Social Rhythm Therapy (SRT)

Social Rhythm Therapy has been researched and found to be beneficial in bringing some stability in mood, for those suffering from Bipolar Mood Disorder. The therapy emphasises key areas of focus to bring about these outcomes:-

-a regular daily routine that does not diverge too much from day to day

-dealing with stress as it arises

-having stability in personal relationships

-obtaining adequate sleep

-monitoring mood variations

-compliance with prescribed medications

-identifying early warning signs of change in mood

-and engagement of relatives

A comprehensive program has been developed to incorporate these main principles of SRT and additionally be complimented by existing therapies that are offered within our service. The SRT program is facilitated by the Mental Health Nurse for those that have a current Psychiatrist’s Mental Health Care Plan and a diagnoses of Bi Polar Mood Disorder. Another role of the Mental Health Nurse is to ensure all pathology investigations are completed regularly to monitor serum levels and systems within the body that may be affected by use of mood stabaliser medication. There is a small weekly charge associated with this specialised therapy and will be outlined prior to commencement. There are 3 main phases to the therapy which include:-

  1. Assessment
  2. Therapy
  3. Evaluation and planning for the future.



 In addition to the SRT offered to patients at the clinic, there are regular seminars held on Bipolar Mood Disorder. These day long sessions (2 in all) are co-facilitated by the Psychiatrist and Mental Health Nurse. The first day is for patients only and the second is for patients and one of their relatives / carer. The patient does not have to complete this session prior to commencing the SRT. The seminar is conducted on a weekend day and then a month later the second session is held, which includes the relative / carer.

A Bipolar Carer’s Group has been running since early 2009 to provide support for those who are supporting the patient with Bipolar Mood Disorder. The group moto is “ Learning from others experience”. The 2 hour long meetings are held on a Saturday and are bi-monthly. These groups are facilitated by the Mental Health Nurses.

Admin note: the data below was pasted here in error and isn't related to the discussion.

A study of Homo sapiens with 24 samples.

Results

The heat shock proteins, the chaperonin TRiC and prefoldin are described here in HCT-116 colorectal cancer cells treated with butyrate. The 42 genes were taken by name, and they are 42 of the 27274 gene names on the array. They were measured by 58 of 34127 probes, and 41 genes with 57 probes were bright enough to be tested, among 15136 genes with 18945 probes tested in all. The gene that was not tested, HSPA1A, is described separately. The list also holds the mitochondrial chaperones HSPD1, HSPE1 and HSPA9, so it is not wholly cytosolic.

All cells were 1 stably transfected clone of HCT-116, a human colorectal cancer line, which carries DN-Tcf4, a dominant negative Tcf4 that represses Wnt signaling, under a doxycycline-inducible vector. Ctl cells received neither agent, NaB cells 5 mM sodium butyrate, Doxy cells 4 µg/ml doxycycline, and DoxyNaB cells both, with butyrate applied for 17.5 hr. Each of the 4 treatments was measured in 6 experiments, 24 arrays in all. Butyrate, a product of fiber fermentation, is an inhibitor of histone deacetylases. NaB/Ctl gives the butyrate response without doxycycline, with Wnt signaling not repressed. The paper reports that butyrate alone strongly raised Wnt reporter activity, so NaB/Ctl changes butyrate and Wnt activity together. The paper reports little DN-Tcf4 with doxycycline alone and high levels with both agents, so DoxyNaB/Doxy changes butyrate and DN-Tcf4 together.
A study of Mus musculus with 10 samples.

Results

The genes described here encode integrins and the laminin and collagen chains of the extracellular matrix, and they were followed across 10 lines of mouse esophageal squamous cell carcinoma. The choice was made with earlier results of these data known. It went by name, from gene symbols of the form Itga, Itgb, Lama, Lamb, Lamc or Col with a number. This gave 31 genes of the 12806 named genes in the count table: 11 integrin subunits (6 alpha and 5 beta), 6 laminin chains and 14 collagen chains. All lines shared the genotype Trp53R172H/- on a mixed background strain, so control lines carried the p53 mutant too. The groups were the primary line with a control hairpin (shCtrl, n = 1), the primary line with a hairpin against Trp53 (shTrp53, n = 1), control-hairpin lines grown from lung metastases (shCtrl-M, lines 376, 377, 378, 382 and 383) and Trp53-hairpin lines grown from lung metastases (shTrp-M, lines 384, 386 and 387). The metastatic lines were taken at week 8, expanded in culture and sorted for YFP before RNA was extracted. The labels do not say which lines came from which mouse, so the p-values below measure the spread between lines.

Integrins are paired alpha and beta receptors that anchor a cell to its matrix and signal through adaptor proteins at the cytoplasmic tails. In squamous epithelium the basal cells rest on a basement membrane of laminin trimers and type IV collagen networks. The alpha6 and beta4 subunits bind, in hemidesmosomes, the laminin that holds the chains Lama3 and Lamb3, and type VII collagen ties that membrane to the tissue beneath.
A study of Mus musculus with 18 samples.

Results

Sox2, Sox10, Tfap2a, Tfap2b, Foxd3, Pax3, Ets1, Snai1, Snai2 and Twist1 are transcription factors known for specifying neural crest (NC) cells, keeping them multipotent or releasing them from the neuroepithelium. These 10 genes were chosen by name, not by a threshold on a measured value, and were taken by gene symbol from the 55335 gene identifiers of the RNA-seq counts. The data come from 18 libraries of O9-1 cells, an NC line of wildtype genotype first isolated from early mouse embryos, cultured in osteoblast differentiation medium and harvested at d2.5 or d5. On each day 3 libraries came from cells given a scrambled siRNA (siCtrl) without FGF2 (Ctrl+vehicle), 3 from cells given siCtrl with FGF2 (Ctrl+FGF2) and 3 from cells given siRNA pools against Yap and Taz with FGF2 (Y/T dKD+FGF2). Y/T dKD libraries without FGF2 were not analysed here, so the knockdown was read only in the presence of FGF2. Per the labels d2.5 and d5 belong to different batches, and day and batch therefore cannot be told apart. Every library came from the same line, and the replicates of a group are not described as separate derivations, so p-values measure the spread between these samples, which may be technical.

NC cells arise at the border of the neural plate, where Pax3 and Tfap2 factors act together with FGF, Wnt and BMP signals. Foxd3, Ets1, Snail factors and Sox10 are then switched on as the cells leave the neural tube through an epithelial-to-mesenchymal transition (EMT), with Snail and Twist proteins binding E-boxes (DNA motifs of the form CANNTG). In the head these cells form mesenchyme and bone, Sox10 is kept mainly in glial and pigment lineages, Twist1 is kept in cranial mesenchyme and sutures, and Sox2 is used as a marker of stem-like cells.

What can you expect?

The assessment is comprehensive and is spanned over 3 sessions. You will be asked to bring along a relative or carer on the last session to gather additional information and to explain the SRT. Assessment tools that are completed are the Becks Depression Inventory (BDI), Life Skills profile-32 (LSP-32), Health of the Nation Outcome Scale (HoNOS), Hamilton’s Anxiety Rating Scale (HARS) and Young’s Mania Rating Scale (YMRS). Some scales will be self rated by the patient and some will be completed by the Mental Health Nurse from information you or your relative have provided. These ratings are considered your base line rating and will be compared at the end of the therapy. 

The therapy spans up to 16 sessions and is best done on a weekly basis to facilitate a consistent flow. Each session varies from 45 minutes up to one hour and is performed by the Mental Health Nurse. Most sessions will be worked through on the computer and is very user friendly (point and click with the mouse). Main areas of focus include; Psychoeducation, identifying vicious cycles in your life, learning to deal with feelings and thoughts, problem solving skills and setting realistic goals. Other sessions use the structures that have been incorporated into the SRT including; monitoring mood fluctuations on a mood chart, surveying sleep patterns and ensuring adequate sleep, organising a daily routine that can mostly remain constant and surveying the life of the illness.

The final phase of SRT includes re-rating the outcome scales and identifying your personal strengths to enable moving forward in a proactive manner and maintaining stability.



 Bipolar Groups

Please ask your psychiatrist or Mental Health Nurse about Bipolar Self Support Groups available locally.

All content is copyright of Mednet.net Pty Ltd 1996. All trademarks are property of their respective owners.